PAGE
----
I was able to visit MosaiCanada 150 in Gatineau, Quebec, last week and it was spectacular! Mosaïcultures Internationales de Montréal, which has presented similar exhibitions all over the world since 2000, has really mastered the fundamentals of 3-D gardening and the quality of this year’s presentations is truly exceptional.

What Is Mosaiculture?


Mosaiculture is a horticultural art that involves creating and mounting living artworks made primarily from plants with colorful foliage. You’ll sometimes see two dimensional mosaics (carpet bedding) in front of prestigious buildings with the company’s name written in live plants, but the specialty of MosaiCanada 150 is three-dimensional mosaics, as seen in Gatineau, in which the displays are living sculptures. Each sculpture, filled with soil and wrapped in landscape cloth, is covered with thousands of small plants that are subsequently watered, pruned and pampered to maintain the desired multicolor effect throughout the summer.


The Important Details

MosaïCanada 150 is part of the celebration of Canada’s 150th anniversary in 2017. The exhibition takes place in Jacques-Cartier Park in Gatineau, Quebec, just across the Ottawa River from Canada’s capital: Ottawa, Ontario. Admission is free and the exhibition is open daily from 10 am to 7 pm from June 30 to October 15, 2017.

20170723Q.gifIf you play to travel to Ottawa/Gatineau, it’s within driving distance of most Eastern Canadian and Northeastern US cities. There is train and bus service while the Ottawa Airport offers direct flights to and from many Canadian and American cities.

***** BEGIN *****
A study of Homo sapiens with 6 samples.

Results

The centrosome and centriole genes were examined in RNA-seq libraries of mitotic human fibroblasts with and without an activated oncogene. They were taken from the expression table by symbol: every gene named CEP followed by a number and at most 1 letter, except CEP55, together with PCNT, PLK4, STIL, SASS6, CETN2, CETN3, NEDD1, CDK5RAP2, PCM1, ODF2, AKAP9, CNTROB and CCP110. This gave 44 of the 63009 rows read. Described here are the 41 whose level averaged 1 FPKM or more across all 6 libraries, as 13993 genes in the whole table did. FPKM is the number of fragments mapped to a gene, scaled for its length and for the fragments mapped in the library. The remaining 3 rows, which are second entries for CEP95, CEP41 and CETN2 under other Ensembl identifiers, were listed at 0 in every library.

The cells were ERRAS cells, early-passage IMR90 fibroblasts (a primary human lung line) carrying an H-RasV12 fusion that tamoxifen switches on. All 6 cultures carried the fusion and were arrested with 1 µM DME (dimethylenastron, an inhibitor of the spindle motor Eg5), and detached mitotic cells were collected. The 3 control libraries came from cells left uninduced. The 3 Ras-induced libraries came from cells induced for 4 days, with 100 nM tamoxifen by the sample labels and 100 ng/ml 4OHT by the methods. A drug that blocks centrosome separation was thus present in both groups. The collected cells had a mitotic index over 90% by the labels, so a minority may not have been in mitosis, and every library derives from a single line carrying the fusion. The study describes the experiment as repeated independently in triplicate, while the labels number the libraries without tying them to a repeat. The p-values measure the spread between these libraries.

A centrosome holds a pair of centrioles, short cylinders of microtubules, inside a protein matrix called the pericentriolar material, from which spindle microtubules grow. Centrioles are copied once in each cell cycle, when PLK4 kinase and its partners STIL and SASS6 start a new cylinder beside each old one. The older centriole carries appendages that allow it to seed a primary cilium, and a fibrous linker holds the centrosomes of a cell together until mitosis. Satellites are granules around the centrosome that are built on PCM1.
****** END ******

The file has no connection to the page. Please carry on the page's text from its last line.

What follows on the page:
Remember, you have until October 15 to see the show. It won’t be back again next year!

For information: 1-819-360-6336.

Email: info@mosaicanada.ca.

Website: www.gatineau2017.ca/mosaicanada-150gatineau-2017/

What Happens to the Sculptures After the Show?

Have you ever wondered what happens to mosaic displays after a mosaiculture exhibition show is over?

Three-dimensional mosaics are generally designed as temporary presentations, but can be maintained and replanted for many years.

In this case, those that represent Canada’s nine provinces and three territories will be given to the host province/territory where they’ll be maintained and placed on public view.

The structures of some sculptures will be stored for future shows. (Mosaïcultures Internationales de Montréal is keeping mum about future plans.) Other sculptures will simply be destroyed.

All the more reasons to get to Gatineau before October 15!

NB. All the photos in this presentation are the property of laidbackgardener.wordpress.com… but you’re free to share them as you see fit!20170723N

Larry Hodgson is one of Canada’s best-known garden communicators. He has notably been editor-in-chief of HousePlant Magazine, Fleurs, Plantes et Jardins, À Fleur de Pot and Houseplant Forum magazines and is currently the garden correspondent for Le Soleil and radio garden commentator for CKIA-FM Radio. He has written for many garden publications in both the United States and Canada, including Canadian Gardening, Harrowsmith, Horticulture, Fine Gardening and Organic Gardening. He also speaks frequently to horticultural groups throughout Canada and the U.S. His book credits include The Garden Lover’s Guide to Canada, Complete Guide to Houseplants, Making the Most of Shade, Perennials for Every Purpose, Annuals for Every Purpose, and Houseplants for Dummies, as well as nearly 60 other titles in English and French. He is a past president of the Garden Writers Association (now Garden Communicators International) and the winner of the prestigious 2006 Garden Media Promoter Award offered by the Perennial Plant Association. He resides in Quebec City, Quebec, Canada.